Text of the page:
Occasionally my dog gets excited enough to run across the room, try to make a corner, misses and runs into the wall… something that is both very sad and very funny! The wall, of course, does not give at all, it has no way of responding or cushioning or shifting. However, when my dog runs and jumps on me, I move, cushion, and shift in order to take the impact.
Is God a wall that does not move, respond, or cushion? For some, the immutable, unmovable God is a comfort. For some, if God changes or is moved, then there entire system of theology begins to crumble.
Indeed, there are statements in Scripture that seem to paint God as an immovable wall, one who does not change and remains the same no matter what circumstance comes along. There are verses that describe God as knowing all things, having every detail of human history already worked out in advance, foreknown, and chosen.
Yet, much of the Bible describes God in very different language than this. Many scriptures describe a very movable God– A God who repents, relents, is suprised, and regrets. When I read the story of Moses interceding on behalf Israel in Exodus 32 and God “repents of the evil he was about to do”, I am overwhelmed by such a God who would respond to the passionate pleas of a human being. I am overcome with emotion at a God who takes the time to listen and shift perspective and change action. This is a God who is so powerful that vulnerability is not seen as a weakness but the hope of creation. This is a God who allows the dog to jump and cushions the blow. This is a God that is in relationship– a true relationship, a give and take relationship.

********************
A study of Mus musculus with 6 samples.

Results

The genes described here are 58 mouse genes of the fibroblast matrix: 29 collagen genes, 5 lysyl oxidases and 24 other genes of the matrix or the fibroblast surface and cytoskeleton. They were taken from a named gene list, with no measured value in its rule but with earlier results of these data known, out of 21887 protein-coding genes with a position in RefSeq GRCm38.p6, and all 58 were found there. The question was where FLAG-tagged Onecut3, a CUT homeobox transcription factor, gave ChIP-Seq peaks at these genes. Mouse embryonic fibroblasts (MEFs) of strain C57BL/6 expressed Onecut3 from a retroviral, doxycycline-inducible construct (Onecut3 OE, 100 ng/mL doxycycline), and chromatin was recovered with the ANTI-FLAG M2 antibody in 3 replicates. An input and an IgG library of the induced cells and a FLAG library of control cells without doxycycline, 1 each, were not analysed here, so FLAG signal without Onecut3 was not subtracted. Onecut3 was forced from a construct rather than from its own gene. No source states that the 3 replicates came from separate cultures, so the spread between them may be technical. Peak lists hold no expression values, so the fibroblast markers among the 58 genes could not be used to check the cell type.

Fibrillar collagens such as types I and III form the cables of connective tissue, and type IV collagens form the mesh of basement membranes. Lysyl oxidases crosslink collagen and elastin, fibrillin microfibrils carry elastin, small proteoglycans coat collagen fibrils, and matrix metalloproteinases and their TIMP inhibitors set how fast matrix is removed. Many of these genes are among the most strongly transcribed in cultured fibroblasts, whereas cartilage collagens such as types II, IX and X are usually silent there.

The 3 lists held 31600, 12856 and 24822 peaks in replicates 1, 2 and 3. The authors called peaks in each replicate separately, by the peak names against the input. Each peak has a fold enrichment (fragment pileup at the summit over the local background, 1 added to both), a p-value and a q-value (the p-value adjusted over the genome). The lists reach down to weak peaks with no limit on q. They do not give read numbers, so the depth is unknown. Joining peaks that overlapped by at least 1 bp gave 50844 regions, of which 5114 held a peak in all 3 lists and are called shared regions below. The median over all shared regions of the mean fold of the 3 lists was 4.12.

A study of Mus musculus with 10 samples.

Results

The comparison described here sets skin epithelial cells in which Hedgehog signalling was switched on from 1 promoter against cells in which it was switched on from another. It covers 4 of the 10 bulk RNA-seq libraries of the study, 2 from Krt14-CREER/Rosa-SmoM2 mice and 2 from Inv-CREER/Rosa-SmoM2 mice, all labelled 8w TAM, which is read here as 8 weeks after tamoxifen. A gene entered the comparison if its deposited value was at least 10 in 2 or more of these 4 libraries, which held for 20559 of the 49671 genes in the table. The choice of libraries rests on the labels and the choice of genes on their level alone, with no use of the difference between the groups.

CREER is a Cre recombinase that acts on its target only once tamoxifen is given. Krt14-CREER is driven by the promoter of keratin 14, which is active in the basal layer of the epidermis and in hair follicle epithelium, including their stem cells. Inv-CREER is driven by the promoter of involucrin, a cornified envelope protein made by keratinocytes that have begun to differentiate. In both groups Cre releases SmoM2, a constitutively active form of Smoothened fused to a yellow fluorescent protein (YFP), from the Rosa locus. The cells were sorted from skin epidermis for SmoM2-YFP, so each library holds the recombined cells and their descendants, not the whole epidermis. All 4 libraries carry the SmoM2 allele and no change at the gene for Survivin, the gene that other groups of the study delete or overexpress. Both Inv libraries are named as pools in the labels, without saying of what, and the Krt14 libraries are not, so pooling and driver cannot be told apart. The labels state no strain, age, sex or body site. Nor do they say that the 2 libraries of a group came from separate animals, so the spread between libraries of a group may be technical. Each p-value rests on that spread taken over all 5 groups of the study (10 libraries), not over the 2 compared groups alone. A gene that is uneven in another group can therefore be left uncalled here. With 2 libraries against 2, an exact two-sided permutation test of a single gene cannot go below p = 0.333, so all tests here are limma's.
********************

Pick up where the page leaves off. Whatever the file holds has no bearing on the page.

Let us stop striving to create bomb-proof systematic theologies and allow each scripture text to move us as it sees fit. When in Exodus 32, let us fall in love with a God who could be moved. When in James 1, let us feel strong that we have a God who does not shift like shadows. Both are true and both have something very amazing to teach us.